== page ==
KANSAS CITY, Mo. – Engineering firms will have until June 20 to submit their bids to design and build a new terminal at the Kansas City International Airport.
“This is a win for Kansas City,” Mayor Sly James said in a statement May 30. “Our airport is the most vital investment we make in order to share our city with the world. And now we know firms are ready to compete to make our airport as world-class as our city.”
Burns and McDonnell offered in May to privately finance the $1 billion project so long as it received exclusive rights to build the new terminal, eliminating the need for taxpayers to foot the bill on the project. It also promised to use local labor, suppliers and resources when and where possible. However later that month, AECOM, the largest airport engineering firm in the nation, sent a letter to Kansas City officials asking to be considered for the terminal project as well.
Schulte announced the process would indeed become more open May 30, but firms will have just three weeks from the time of the announcement to submit their bids in what is called a “Swiss challenge.” Not typically used in the United States, a Swiss challenge allows a firm who makes an initial, unsolicited proposal for a public project to allow other bids to be made on the proposal. The initial proposer, in this case Burns and McDonnell, then gets to match or offer a better bid that what is deemed the best bid of the new lot.
Mike Talboy, the director of government affairs at Burns and McDonnell, said they were eager to formally submit their plans alongside other firms.
“We welcome the challenge,” Talboy said. “We think we have a very good plan, and one that the city obviously has looked at, and we feel like if nothing else, we have jumpstarted the process in this and that’s what the mayor’s challenge was… We feel very confident about the chances our proposal has.”
AECOM will likely be one of those firms. Mike Handelman, a regional leader with AECOM, wrote a letter to the Kansas City government asking to be included in the process, though it has yet to submit its bid.
“With the capabilities and experience to design, build, finance, operate, and maintain a replacement terminal for KCI airport, AECOM presents an interested, serious competitive option as you contemplate procurement next steps,” the letter reads. “AECOM stands ready to engage with the City to discuss go-forward options and ultimately, to compete for the honor of your business and partnership.”
An AECOM representative did not immediately respond to requests for comment.
The project guidelines ask that the proposal submissions include plans to design, build and privately finance a 750,000 square foot terminal with a 6,500 spot parking garage. The terminal must have 35 gates, which can be expandable to 42 gates and also be approved by airlines. In addition, the plan must include the use of local labor and pay prevailing wage.
Most importantly, the project must also allow the city to maintain control of the airport. Several private companies have bid to construct the new terminal, but many of their plans would include private control over the finished project, something city officials have quickly dismissed. Kansas City Councilwoman Jolie Justus told the Kansas City Star May 25, that she believed AECOM was suggesting private control over the airport in their letter to the city.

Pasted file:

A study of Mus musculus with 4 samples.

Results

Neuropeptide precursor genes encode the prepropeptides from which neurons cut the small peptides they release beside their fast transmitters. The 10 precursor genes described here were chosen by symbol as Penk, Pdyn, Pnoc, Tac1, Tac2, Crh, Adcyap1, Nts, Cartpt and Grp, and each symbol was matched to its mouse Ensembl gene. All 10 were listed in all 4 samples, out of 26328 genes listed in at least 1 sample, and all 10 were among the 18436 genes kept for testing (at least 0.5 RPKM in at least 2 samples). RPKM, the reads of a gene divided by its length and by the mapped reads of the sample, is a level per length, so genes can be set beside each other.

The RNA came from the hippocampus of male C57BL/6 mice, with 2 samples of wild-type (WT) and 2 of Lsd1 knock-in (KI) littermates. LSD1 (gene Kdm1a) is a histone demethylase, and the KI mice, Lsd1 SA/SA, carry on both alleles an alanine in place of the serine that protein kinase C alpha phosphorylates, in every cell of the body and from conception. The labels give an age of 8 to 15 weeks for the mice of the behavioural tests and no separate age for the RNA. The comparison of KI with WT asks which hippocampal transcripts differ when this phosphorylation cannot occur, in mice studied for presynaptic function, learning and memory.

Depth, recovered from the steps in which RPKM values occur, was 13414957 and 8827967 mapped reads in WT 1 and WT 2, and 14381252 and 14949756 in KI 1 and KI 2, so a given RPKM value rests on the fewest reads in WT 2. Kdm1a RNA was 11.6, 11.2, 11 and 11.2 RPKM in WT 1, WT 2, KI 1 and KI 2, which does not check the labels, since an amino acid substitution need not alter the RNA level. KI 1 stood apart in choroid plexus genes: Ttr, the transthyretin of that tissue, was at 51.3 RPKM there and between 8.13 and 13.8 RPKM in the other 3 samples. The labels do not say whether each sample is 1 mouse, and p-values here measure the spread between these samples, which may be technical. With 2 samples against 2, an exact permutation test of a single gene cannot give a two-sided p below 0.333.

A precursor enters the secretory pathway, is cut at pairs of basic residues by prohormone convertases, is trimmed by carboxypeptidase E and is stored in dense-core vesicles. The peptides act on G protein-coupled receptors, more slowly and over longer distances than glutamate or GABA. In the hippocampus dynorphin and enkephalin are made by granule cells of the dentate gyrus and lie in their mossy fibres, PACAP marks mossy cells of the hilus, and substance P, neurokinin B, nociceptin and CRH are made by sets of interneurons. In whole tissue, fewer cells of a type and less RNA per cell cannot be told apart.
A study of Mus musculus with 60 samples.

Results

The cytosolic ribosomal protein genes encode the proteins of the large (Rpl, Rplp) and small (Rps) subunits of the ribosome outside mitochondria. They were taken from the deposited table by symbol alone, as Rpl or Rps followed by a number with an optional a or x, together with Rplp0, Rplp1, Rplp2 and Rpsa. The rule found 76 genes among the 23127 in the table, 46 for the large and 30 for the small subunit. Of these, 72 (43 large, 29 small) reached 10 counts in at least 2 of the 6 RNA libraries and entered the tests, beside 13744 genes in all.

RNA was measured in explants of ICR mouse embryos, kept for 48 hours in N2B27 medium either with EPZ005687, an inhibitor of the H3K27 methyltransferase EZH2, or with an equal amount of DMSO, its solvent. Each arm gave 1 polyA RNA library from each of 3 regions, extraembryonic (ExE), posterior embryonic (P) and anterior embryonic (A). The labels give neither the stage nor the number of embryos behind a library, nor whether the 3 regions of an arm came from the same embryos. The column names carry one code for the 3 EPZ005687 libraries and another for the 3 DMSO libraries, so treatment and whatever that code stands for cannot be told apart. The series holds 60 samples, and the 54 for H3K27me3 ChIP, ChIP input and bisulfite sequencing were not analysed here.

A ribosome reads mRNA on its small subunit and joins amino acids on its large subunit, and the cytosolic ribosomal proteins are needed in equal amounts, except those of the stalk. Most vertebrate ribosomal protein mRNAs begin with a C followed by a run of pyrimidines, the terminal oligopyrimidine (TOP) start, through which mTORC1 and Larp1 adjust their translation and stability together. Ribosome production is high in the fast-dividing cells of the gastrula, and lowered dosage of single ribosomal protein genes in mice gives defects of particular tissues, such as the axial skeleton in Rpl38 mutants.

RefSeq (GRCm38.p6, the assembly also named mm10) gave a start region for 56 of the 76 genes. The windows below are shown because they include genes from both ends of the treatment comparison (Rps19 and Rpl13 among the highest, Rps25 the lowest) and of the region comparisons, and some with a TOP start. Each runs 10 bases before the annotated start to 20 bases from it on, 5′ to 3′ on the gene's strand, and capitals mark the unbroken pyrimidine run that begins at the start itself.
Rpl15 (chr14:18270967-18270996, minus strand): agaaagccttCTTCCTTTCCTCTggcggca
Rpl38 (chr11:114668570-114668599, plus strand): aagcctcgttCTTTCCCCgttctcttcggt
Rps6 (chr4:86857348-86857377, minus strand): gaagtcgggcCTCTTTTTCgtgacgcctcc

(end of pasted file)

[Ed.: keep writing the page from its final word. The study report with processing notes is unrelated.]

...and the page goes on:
“Obviously, that has been something we’ve said all along we don’t want,” Justus, the Kansas City Council Airport Committee’s chairwoman, said. “We wouldn’t have control over the labor and all of the other things we wanted, so it’s really a non-starter, in my opinion.”
The discussion to change the city’s airport has existed for years. An FAA-required “master plan” from 2007 revealed plans to transform the airport into a single terminal airport. Many veteran travelers and business leaders have criticized the three-terminal, four-decade old airport. In 2016, JD Power ranked the airport 26th of 33 medium-sized airports in the nation on metrics like terminal facilities, airport accessibility, baggage claim and check in and amenities (St. Louis’ Lambert Airport ranked 29th on the same scale). Such criticism has prompted city leaders to consider building a new single-terminal airport in its place.
The private investment portion of the plan Burns and McDonnell’s offer means the city will not need to increase taxes to find revenue to pay for the project. Burns and McDonnell said they would instead find the revenue needed to build the new terminal from fees charged to the airlines that operate in the airport. The new airport would not cost the city a cent, and Talboy says it would alleviate one of the primary concerns of the people the airport will serve without impacting the quality of the project.
“The idea of privately financed option was we saw that the traditional approach to funding airport construction was not necessarily favorable to the citizens,” Talboy said. “We wanted to make sure we could alleviate those concerns if possible.”
Talboy acknowledged Burns and McDonnell also needed to find a partner more willing to join with them on what will likely be a less lucrative project because it does not transfer any ownership to the private sector. Accessibility and convenience were also major parts of their plan.
Regardless of who gets the project, it will need a vote by the citizens of Kansas City to go forward. Public elections are required on any major change to the airport.
The Kansas City Council Airport and Transportation and Infrastructure committees will hold a public hearing at 5:30 p.m. Monday evening at the Bruce Watkins Cultural Center to further discuss the current status of the bid process for the new terminal.